Many gardening books drop you right in it. “IT’S SPRING! DO THIS NOW!” they scream at you, and I feel an immediate panic rising up in me, for I have not even bought the seeds they say I should have sown last week. If you are looking for a gentler, warmer approach then Liz Zorab’s new book, The Seasoned Gardener, is a mellow autumnal day, not a sharp spring shower.

This book begins in September, a point in the year that Zorab describes as ‘The Pause’, when “the heavy warmth of fragrance-filled air hangs over the garden like an invisible blanket of joy.” And where better to be but under that blanket with Zorab, for a softer start to the gardening year?

Zorab’s distinctive, friendly, but no-nonsense voice guides us through the seasons from this autumn starting point with tips, anecdotes and wise advice. She paints a colourful picture of the food, forest, flowers and vegetable garden, with Monty the cat, ducks and chickens alongside. Her approach is holistic – this is not just about growing, but about harvesting, storing and cooking too.

As an inexperienced grower of a few veg each year, I appreciated the straightforward, accessible language and ‘can-do’ feel. Tips that particularly inspired me included using magnolia petals to make a syrup, and growing squash on the compost heap. A more seasoned gardener than I am will find plenty of inspiration too, such as making your own rooting solution for encouraging new cuttings, or using the permaculture design principle of ‘stacking functions’ so that the garden thrives through multi-tasking.

There are thoughtful ways of ensuring your garden works in harmony with Nature, with a healthy respect for the predator–pest ecosystem and a thrifty, sustainable approach that involves recycling and, of course, repurposing to make the garden low impact.

Sometimes I felt the book needed a firmer editorial hand. For example, two sections on compost could have been published together or at least linked. On occasions, the formatting of the book doesn’t flow naturally either, and the indexing could have been more comprehensive.

This does not detract, however, thanks to the engaging narrative. This is a personal book with Zorab’s opinion firmly at the centre. She explains which vegetables she doesn’t bother with simply because she doesn’t like eating them. There is humour too, particularly the bee-induced strip and pond dip, which, although a scary experience, is told with retrospective amusement.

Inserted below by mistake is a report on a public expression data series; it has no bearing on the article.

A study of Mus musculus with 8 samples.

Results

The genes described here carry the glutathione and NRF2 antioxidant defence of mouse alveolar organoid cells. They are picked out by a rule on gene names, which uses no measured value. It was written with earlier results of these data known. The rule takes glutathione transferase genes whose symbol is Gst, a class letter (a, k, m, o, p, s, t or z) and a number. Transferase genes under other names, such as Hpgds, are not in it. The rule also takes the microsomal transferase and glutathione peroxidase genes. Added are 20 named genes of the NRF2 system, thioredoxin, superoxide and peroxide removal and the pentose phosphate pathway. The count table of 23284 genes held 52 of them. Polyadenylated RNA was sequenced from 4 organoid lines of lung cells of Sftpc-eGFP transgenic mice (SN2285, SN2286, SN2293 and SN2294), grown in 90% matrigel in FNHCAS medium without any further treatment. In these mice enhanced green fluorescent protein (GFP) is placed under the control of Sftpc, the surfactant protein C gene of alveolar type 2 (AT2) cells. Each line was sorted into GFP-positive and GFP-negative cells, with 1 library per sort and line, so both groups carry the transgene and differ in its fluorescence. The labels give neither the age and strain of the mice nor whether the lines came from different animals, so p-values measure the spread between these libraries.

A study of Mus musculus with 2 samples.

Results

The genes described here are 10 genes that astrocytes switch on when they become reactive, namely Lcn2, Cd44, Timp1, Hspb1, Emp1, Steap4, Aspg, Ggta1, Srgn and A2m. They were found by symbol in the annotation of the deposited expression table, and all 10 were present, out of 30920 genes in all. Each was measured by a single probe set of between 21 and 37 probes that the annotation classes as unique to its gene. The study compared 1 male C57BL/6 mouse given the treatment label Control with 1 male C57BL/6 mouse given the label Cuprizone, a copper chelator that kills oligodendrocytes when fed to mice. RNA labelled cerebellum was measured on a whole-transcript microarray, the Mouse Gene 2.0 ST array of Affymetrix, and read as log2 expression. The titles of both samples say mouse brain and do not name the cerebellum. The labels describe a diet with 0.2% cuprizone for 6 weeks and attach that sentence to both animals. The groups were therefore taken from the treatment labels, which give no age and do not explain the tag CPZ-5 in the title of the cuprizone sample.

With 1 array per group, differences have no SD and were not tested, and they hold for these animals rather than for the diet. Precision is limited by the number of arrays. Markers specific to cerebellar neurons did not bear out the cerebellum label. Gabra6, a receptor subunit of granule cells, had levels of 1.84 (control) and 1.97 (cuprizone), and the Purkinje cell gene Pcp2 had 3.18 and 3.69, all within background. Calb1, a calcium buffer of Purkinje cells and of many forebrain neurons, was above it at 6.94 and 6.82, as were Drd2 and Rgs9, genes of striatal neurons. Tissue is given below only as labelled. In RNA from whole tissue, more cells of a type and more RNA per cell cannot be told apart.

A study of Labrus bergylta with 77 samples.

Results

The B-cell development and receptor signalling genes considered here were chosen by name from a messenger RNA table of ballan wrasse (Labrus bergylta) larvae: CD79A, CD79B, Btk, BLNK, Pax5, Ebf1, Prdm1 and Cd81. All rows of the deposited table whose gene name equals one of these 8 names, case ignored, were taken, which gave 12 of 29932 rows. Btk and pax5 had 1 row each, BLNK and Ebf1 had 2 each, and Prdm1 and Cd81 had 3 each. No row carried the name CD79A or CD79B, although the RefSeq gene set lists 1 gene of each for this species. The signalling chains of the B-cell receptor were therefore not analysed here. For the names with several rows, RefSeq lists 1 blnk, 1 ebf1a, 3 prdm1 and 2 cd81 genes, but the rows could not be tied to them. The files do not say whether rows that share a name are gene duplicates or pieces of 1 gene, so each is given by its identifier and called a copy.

Zorab’s perfectly imperfect approach is likely linked to her past. She has battled a chronic illness that left her bedbound to create this self-sufficient lifestyle away from the rat race. This inspiring resilience and ability to start afresh has also seen Zorab and her husband move the location of their first farm to a new, blank-canvas site in the Carmarthenshire countryside.

Alongside the book is Zorab’s successful YouTube vlog, Byther Farm, which is an opportunity to further enjoy her charisma. It’s also a good dose of reality, with topics such as ‘Shocking mistake with mulch’ and ‘Wettest ever March’. It’s not all sunshine and roses and is all the more entertaining for it. The vlog supports the content of the book. It’s helpful to be able to read about, say, no-dig potatoes, and then find the relevant video on the vlog for more information.

It’s no wonder Zorab won the Garden Media Guild Awards 2022 Vlog of the Year, with the judges commenting: “The winner’s style is approachable and engaging, yet practical… A clear sense of personality emerges through what feels like a one-on-one chat and their message of self-sufficient and sustainable growing is both aspirational and inspirational for today’s gardeners.”

This isn’t just a guide to look up information in – it’s a book to cosy down with. It’s a perfect autumnal read, under that blanket with the warm hug of Zorab’s voice and the discovery of real gems of knowledge.

The Seasoned Gardener: Exploring the Rhythm of the Gardening Year by Liz Zorab. Permanent Publications, 2023. ISBN: 9781856232647.

Kate Blincoe is a Nature writer and lover, and a mother.